Exclusive: Former Malaysia advisor calls for public health to tackle climate change
By Sean Nolan
Interview with Tan Sri Dr Jemilah Mahmood, Director and Professor at the Sunway Centre for Planetary Health, Malaysia.
But the final chapter of this story hasn’t been written yet. By acknowledging the role of the environment and its impact on human health, policymakers can make a difference. The first step is to put the planet’s health as a priority for policy.
Tan Sri Dr. Jemilah Mahmood, Director and Professor at the Sunway Centre for Planetary Health, Malaysia, explains why public health goes hand in hand with protecting the environment. She reflects on her experiences as a public health Special Advisor to Malaysia’s Prime Minister, and shares insights from her experience managing health crises.
Planetary health is public health
“There are direct links between climate change and the climate crisis and health”, Jemilah says. She shares three ways that humanity’s impact on the environment is creating public health issues.
First, deforestation forces animals to live closer to humans, raising the chances that infectious diseases will be spread across species. For example, in 1997 deforestation in Indonesia caused bats to move to urban areas, spreading a virus that resulted in more than a hundred deaths, National Geographic wrote.
Infectious diseases can also spread as a result of rising temperatures. Warmer climates result in melting glaciers, unleashing diseases that were previously frozen in ice, Jemilah highlights. It also means mosquito-borne diseases like dengue can spread to new areas, she adds.
Second, humans are becoming resistant to medicines due to chemical products in agriculture. Eating meat that contains antibiotics causes the human body to grow resistant to the medicine, meaning later health treatments are less effective, Jemilah explains.
This medical resistance results in 1.2 million deaths annually worldwide, which are more than the number of deaths caused by HIV and Malaria respectively, wrote Eco-Business.
Third, climate change will cause droughts and rising sea levels, creating climate refugees. Climate disasters caused more internal displacement of citizens than war in 2020, she emphasises.
This forced migration will inevitably lead to public health challenges. “When you are disrupted by crisis, you don't get access to healthcare”, she explains, also highlighting that this will bring increased risk of mental health issues.
The next step for policymakers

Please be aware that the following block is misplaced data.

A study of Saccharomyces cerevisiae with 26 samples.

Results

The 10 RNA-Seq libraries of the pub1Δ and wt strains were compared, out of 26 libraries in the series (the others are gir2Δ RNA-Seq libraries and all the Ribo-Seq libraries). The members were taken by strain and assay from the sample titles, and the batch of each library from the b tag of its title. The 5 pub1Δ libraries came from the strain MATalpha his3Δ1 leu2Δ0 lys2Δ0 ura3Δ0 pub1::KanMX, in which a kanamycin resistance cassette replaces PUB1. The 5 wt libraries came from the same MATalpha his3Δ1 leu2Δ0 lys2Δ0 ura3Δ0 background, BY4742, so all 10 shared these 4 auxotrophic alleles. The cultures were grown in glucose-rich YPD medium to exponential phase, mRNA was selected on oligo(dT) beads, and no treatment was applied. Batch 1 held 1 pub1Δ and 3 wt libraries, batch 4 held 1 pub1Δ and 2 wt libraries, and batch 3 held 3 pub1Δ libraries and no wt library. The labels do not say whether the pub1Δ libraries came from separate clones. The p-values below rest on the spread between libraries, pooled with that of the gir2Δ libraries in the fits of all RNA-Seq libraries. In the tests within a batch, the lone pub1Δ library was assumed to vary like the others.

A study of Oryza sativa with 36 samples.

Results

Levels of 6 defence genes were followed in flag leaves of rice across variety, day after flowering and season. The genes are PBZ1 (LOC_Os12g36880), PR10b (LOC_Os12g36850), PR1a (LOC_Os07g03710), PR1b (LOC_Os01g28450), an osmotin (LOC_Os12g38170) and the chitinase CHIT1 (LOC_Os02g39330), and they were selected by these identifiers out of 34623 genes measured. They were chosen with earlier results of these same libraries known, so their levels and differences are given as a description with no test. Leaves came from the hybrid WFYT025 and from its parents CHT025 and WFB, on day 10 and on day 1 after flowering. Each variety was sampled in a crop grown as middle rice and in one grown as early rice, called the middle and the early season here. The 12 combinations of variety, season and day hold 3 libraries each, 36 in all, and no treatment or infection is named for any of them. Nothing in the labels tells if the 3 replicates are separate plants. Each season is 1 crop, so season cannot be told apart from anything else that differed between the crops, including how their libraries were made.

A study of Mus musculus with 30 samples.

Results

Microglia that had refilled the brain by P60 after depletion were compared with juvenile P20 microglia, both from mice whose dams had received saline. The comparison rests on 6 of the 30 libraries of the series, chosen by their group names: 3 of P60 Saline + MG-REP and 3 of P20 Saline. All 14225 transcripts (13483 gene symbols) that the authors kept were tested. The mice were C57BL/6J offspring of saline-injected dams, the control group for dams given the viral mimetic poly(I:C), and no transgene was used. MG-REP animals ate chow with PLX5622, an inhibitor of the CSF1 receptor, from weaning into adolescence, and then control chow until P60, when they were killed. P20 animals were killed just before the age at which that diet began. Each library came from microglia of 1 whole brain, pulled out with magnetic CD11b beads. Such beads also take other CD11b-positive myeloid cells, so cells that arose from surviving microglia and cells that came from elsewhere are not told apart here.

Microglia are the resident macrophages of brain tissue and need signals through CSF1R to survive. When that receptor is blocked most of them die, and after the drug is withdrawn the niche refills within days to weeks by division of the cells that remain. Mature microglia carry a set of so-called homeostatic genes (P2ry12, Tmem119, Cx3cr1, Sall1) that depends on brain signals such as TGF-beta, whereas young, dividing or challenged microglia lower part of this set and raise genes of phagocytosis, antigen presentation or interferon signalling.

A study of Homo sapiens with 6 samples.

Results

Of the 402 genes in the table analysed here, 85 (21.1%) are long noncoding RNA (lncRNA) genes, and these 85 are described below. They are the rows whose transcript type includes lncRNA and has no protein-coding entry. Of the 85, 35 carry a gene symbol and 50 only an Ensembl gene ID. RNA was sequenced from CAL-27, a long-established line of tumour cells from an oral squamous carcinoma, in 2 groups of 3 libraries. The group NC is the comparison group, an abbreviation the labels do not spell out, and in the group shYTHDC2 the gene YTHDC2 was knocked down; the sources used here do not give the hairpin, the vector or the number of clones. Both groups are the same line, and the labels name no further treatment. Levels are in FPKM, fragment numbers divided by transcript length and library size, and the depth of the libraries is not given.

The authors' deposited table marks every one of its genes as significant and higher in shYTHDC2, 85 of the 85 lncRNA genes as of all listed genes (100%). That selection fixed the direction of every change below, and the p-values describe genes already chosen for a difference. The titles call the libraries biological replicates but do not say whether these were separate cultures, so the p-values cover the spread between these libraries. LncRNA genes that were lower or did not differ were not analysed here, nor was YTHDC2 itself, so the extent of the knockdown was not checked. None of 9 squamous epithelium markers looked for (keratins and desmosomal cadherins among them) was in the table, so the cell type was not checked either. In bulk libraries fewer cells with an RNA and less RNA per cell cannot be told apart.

What should policymakers do? “Throw out whatever old knowledge and old thinking they have” and “take the issue of planetary health very, very, very, very seriously”, she says.
The first step is for national plans to “take the health of the planet as a starting point rather than an add on”. One way they can do this is by changing their approach to the economy, which is currently driven by a continuous desire for growth, she says.
“We're all addicted to a utopian view” of life, which revolves around acquiring money, belongings, and gadgets, Jemilah explains. The goal should be to change these attitudes, “so that our lives are more harmoniously aligned with the health of the planet”.
But governments can’t do this alone, they need to bring communities with them on this journey, she identifies. Policymakers can earn citizens’ trust through “clear communications, demystifying science, being pragmatic, but also being good role models”, Jemilah continues.
The importance of citizen trust was demonstrated during the Covid-19 pandemic. Some nations had scientists saying one thing, while politicians said another, leaving the public with no one to trust, she says.
Jemilah calls this effect “Don’t Look Upism”, in reference to the recent film Don’t Look Up. It tells the story of an apocalyptic asteroid heading to earth, but citizens are convinced to ignore the problem by not looking up, a metaphor for climate change.
Tech and Covid-19 in Malaysia
Tech innovations such as the MySejahtera app will be key to Malaysia’s public health in the future, Jemilah highlights. What started as Malaysia’s contact tracing app is now a portal for vaccine certificates and other personal health information, she explains.
The app’s contact tracing abilities could eventually make it an early warning system for outbreaks of infectious diseases. “It can become a fantastic tool in the transformation of our health”, she says.
But governments need to first ensure that every citizen has access to these digital tools, Jemilah shares. Social media has raised awareness about this issue, as people can see “school kids struggling with no laptop, having to climb a tree to get 3G for school”, for example.
This awareness “has really been a huge catalyst for the government” to work on improving digital literacy in Malaysia, she says. The Malaysian Communications and Multimedia Commission is already working with telco companies to expand connectivity and provide free wifi, GovInsider wrote.
Governments are now looking at how to put their many sustainability promises into practice. Viewing public health issues through the lens of environmental sustainability can help in this process, and will hopefully make citizens a product of their environment in a positive way.